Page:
Raising chickens is one of the greatest joys of homesteading. Besides the bounty of delicious eggs, the birds provide endless entertainment with their quirky antics.

Like every animal, though, keeping chickens can be wasteful if you do not know what you are doing. Luckily, there are easy ways to reduce waste in your chicken coop.

Use Chicken Coop Bedding for Fertilizer

When you are cleaning out your coop, keep that dirty straw, scat and feathers for fertilizer. Many commercial fertilizers are made using some byproduct of feather meal, so the material coming out of your coop is not too different from what you would get in a store.

The combination of chicken bedding and manure is handy in a number of different ways.

“I always have plenty of mulch,” said Lisa Steele, blogger at Fresh Eggs Daily and author of several books including “101 Chicken Keeping Hacks.” “I mulch the garden in the fall with it. In the summer, I put it on my strawberry beds, herb garden and vegetable garden. In the spring, I put it in the compost pile.

Try Deep Bedding in the Winter

If you are looking to save a little bedding during the cold winter months — and save your frostbitten fingers and toes from having to go outside as frequently, quite frankly — Nancy Wolff, homesteader and blogger at Nancy on the Home Front recommends a deep bedding technique.

“For our chickens we would do deep [litter] bedding in the winter so we weren’t changing it every week,” Wolff said. “All the shavings when we were cleaning out the coop went into the compost.”

By adding fresh shavings every so often instead of cleaning out the coop, the bedding will not only form a fantastic fertilizer, but the active microbial life in the bedding will help keep the coop warm.

Save on Energy

Believe or not, chickens do not need supplemental heating, even in the winter.

“Your chicken coop doesn’t have to be heated,” Wolff said. “Our chicken coop was insulated with a heat lamp, but we kept chickens the first year in uninsulated barn and they were fine.”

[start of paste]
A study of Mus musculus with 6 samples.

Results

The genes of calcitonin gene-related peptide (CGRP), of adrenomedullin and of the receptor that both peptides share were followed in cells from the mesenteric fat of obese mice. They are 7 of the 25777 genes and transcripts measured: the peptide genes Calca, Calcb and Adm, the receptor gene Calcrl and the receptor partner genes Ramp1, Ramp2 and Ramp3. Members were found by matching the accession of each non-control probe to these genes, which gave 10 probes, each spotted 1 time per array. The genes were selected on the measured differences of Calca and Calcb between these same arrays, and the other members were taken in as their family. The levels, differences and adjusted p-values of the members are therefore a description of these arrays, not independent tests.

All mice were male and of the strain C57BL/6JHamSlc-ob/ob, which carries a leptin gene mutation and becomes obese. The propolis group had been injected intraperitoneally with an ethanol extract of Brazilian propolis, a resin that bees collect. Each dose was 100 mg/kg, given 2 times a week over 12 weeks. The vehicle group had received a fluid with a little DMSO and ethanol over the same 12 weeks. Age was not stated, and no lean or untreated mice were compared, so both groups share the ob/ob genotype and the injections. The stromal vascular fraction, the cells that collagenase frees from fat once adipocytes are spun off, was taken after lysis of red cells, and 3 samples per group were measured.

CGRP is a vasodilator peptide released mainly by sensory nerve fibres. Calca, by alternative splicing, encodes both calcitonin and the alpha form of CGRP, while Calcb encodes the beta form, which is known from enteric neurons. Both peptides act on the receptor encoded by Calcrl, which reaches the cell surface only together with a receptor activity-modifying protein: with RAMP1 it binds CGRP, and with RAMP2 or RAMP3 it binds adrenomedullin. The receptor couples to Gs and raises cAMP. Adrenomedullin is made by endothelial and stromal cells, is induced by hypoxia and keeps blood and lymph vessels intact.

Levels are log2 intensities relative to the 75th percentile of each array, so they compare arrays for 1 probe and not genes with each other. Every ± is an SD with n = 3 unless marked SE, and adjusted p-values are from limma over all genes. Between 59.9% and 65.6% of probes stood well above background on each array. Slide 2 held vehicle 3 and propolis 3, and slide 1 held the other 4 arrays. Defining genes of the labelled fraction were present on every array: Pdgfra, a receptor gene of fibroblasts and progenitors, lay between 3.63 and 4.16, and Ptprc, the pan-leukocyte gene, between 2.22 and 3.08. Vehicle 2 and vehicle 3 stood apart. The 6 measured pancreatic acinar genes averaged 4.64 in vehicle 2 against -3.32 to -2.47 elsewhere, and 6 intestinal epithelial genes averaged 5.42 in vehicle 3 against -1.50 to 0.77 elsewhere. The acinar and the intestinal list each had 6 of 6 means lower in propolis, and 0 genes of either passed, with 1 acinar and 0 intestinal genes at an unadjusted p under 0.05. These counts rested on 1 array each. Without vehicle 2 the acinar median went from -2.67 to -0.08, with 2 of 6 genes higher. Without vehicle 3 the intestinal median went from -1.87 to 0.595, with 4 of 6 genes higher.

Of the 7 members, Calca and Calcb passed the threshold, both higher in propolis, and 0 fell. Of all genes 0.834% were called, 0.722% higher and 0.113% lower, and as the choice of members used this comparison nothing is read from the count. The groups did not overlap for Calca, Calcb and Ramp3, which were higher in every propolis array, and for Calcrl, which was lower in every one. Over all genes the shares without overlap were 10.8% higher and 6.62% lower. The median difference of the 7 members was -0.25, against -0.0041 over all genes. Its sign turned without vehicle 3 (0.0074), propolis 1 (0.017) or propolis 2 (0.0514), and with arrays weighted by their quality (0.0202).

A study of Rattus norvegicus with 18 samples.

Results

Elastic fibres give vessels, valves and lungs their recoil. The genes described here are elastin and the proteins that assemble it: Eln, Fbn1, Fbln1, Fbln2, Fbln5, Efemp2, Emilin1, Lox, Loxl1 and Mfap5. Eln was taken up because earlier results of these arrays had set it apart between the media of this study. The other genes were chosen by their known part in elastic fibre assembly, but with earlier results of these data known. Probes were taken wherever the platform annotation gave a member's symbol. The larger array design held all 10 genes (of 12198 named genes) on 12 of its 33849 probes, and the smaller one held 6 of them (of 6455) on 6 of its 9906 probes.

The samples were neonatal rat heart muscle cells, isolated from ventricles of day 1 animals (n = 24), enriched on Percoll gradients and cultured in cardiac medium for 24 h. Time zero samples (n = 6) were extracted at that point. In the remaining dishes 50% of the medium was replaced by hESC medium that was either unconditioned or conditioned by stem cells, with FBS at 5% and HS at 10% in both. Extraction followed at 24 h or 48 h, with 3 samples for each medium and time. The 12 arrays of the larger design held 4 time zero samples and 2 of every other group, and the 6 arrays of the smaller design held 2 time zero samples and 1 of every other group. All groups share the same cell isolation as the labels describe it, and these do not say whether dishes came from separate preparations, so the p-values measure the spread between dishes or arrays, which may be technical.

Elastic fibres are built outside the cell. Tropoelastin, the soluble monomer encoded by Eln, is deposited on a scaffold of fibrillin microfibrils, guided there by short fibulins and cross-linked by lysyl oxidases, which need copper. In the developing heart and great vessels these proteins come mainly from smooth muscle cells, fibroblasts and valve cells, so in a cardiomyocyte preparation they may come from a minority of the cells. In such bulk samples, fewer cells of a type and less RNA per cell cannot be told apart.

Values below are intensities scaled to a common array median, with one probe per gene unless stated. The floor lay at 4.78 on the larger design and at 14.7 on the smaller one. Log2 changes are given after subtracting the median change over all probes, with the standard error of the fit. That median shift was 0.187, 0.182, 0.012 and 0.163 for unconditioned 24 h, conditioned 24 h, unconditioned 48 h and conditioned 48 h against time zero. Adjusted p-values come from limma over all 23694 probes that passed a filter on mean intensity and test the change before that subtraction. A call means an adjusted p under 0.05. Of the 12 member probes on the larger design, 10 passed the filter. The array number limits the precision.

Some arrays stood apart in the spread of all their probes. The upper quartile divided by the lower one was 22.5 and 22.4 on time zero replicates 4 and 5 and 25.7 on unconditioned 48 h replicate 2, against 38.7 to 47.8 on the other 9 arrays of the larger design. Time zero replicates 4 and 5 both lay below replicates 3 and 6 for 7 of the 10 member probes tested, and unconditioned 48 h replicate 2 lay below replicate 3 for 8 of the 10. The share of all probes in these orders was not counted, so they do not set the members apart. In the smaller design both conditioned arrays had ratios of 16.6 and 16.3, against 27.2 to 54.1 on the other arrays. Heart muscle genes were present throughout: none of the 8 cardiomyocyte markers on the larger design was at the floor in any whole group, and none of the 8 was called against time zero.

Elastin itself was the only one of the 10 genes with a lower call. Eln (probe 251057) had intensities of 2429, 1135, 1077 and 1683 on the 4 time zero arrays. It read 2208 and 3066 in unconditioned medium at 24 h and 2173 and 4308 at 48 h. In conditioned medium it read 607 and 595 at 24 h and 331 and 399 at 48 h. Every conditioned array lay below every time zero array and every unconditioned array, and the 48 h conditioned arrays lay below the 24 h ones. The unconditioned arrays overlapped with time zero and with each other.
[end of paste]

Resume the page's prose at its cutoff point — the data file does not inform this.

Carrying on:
Wolff said to check the combs for black tips, which is a sign of frostbite, but for the most part, the birds are relatively cold hardy. By letting your chickens enjoy the chill, you can reduce the amount of excess energy used on your homestead.

Thrift for Coop Supplies

The market for high-end backyard chicken coop supplies is robust.

“You can spend $45 for big galvanized chicken water trough,” Steele said. “That’s a lot of money for something that’s going to rust in a couple years.”

Instead of spending hundreds of dollars on troughs, check your local thrift store for supplies. Steele said to keep an eye out for enamelware especially.

“Enamelware doesn’t crack in the winter. It doesn’t rust like the metal does,” Steele said. “Enamelware is great for feeders and waterers and troughs because it’s coated. Enamel roasting pans are especially great because you can put cover on so rats can’t get into feed.”

Reuse Your Eggshells

One of the best parts about raising chickens is the steady supply of fresh eggs in the mornings. Save those eggshells after you crack them on the pan, though. Eggshells have many uses around your homestead, including as a fertilizer and pest repellant for your plants.

One of the best uses for eggshells is as an extra source of calcium for your chickens. Chickens needs calcium to make shells for their eggs, and while commercial calcium supplements are usually made from pulverized oyster shells, many chickens prefer their own eggshells (don’t worry, it is unlikely to cause an unauthorized egg cannibalization). Rinse the eggshells, crush them coarsely and add them to a dispenser or bowl in your chicken coop.

“It really is a nice circle,” Steele said. “Everything has a second use after you get them from your chickens.”

Every effort to homestead more sustainably — even with your poultry — brings you one step closer to a self-sustaining, closed-loop homestead.

Sam Schipani is a staff writer for Hello Homestead and the Bangor Daily News. She loves watching hummingbirds, eating flowers and shopping sustainably. She has previously written for Sierra, Smithsonian, Earth Island Journal, and American Farm Publications.